HC Deb 29 June 1950 vol 476 cc2449-50
56. Mr. H. L. D'A. Hopkinson

asked the Minister of Agriculture what representations he has received from the National Farmers' Union in regard to the possibility of modifying the size of the punch used for marking the ears of calves on which subsidy is paid.

Mr. G. Brown

The National Farmers' Union have made representations of a general nature to the Department on this subject, but they appreciate the difficulty of finding any satisfactory alternative to the present system.

Mr. Hopkinson

Is it not a fact that the National Farmers' Union are not satisfied with the present position, and that they would like is modified on one of the lines indicated by the Minister in reply to my hon. Friend the Member for Westmorland (Mr. Vane) a few weeks ago?

Mr. Brown

It is a fact that the N.F.U., like the rest of us, would like to find some other way of doing it, but they recognise, as we do, that there are objections to every alternative method yet suggested.

Mr. Vane

Is the hon. Gentleman aware that a number of calves' ears have been badly damaged by the use of a punch which makes a hole half an inch in diameter? Is he aware that many farmers think that if a punch making a hole ⅜ inch in diameter or a triangle with a ⅜ inch side were used by experienced men the disadvantages found earlier would be removed and that this would be well worth trying?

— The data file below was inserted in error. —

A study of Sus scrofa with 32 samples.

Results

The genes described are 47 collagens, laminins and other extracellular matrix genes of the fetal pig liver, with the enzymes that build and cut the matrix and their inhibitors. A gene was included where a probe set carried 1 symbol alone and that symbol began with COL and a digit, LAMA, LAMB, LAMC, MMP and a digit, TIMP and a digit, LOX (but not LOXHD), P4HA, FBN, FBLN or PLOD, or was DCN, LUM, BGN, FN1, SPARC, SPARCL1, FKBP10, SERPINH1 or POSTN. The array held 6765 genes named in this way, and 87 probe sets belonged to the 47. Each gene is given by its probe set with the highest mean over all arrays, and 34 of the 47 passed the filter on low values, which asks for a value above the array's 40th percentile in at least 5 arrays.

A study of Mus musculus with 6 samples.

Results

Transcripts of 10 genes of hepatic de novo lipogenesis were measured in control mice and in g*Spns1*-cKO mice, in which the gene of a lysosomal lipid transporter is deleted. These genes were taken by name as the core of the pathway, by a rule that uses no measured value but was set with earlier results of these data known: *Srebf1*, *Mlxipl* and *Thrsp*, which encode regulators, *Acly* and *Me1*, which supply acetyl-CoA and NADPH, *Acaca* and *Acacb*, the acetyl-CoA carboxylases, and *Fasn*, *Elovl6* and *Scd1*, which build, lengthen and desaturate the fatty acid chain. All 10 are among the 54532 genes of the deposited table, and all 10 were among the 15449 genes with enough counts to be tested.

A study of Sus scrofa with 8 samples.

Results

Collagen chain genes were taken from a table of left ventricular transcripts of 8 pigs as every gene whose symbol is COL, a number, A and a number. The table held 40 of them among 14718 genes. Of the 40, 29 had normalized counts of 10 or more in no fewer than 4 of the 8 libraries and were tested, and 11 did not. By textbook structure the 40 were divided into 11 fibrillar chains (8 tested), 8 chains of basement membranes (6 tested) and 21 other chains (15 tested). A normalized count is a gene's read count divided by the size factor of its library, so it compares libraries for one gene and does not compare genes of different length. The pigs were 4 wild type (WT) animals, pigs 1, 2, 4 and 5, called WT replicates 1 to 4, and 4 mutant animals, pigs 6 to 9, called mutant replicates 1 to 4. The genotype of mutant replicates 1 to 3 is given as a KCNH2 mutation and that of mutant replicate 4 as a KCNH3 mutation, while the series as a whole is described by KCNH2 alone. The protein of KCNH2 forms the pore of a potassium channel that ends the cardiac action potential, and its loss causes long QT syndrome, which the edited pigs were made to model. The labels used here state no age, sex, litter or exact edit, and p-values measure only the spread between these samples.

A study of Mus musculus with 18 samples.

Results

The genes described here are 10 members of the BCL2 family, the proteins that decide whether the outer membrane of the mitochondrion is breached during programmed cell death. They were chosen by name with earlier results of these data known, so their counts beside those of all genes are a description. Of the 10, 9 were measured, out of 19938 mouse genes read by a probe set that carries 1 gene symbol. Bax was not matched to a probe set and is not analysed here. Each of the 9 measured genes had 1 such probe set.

Mr. Brown

I would remind the hon. Gentleman that as guardians of the taxpayers' purse we have to be careful that the hole will not afterwards be lost or covered. No alternative method has yet been suggested which is not open to that very serious objection.

Colonel Gomme-Duncan

As pedigree cattle are already marked on the ear with a number, is it not unnecessary to have a large hole as well?

Mr. Brown

The hon. and gallant Gentelman has hit on the great difficulty. The existence of private marks makes it difficult to adopt a small one of our own.

Mr. Hurd

Will the hon. Gentleman have experiments made on the lines suggested by my hon. Friend the Member for Westmorland (Mr. Vane)—a small triangular mark?

Mr. Brown

I cannot undertake to have experiments made, but I am quite willing to consider any alternative suggestions which are made to us.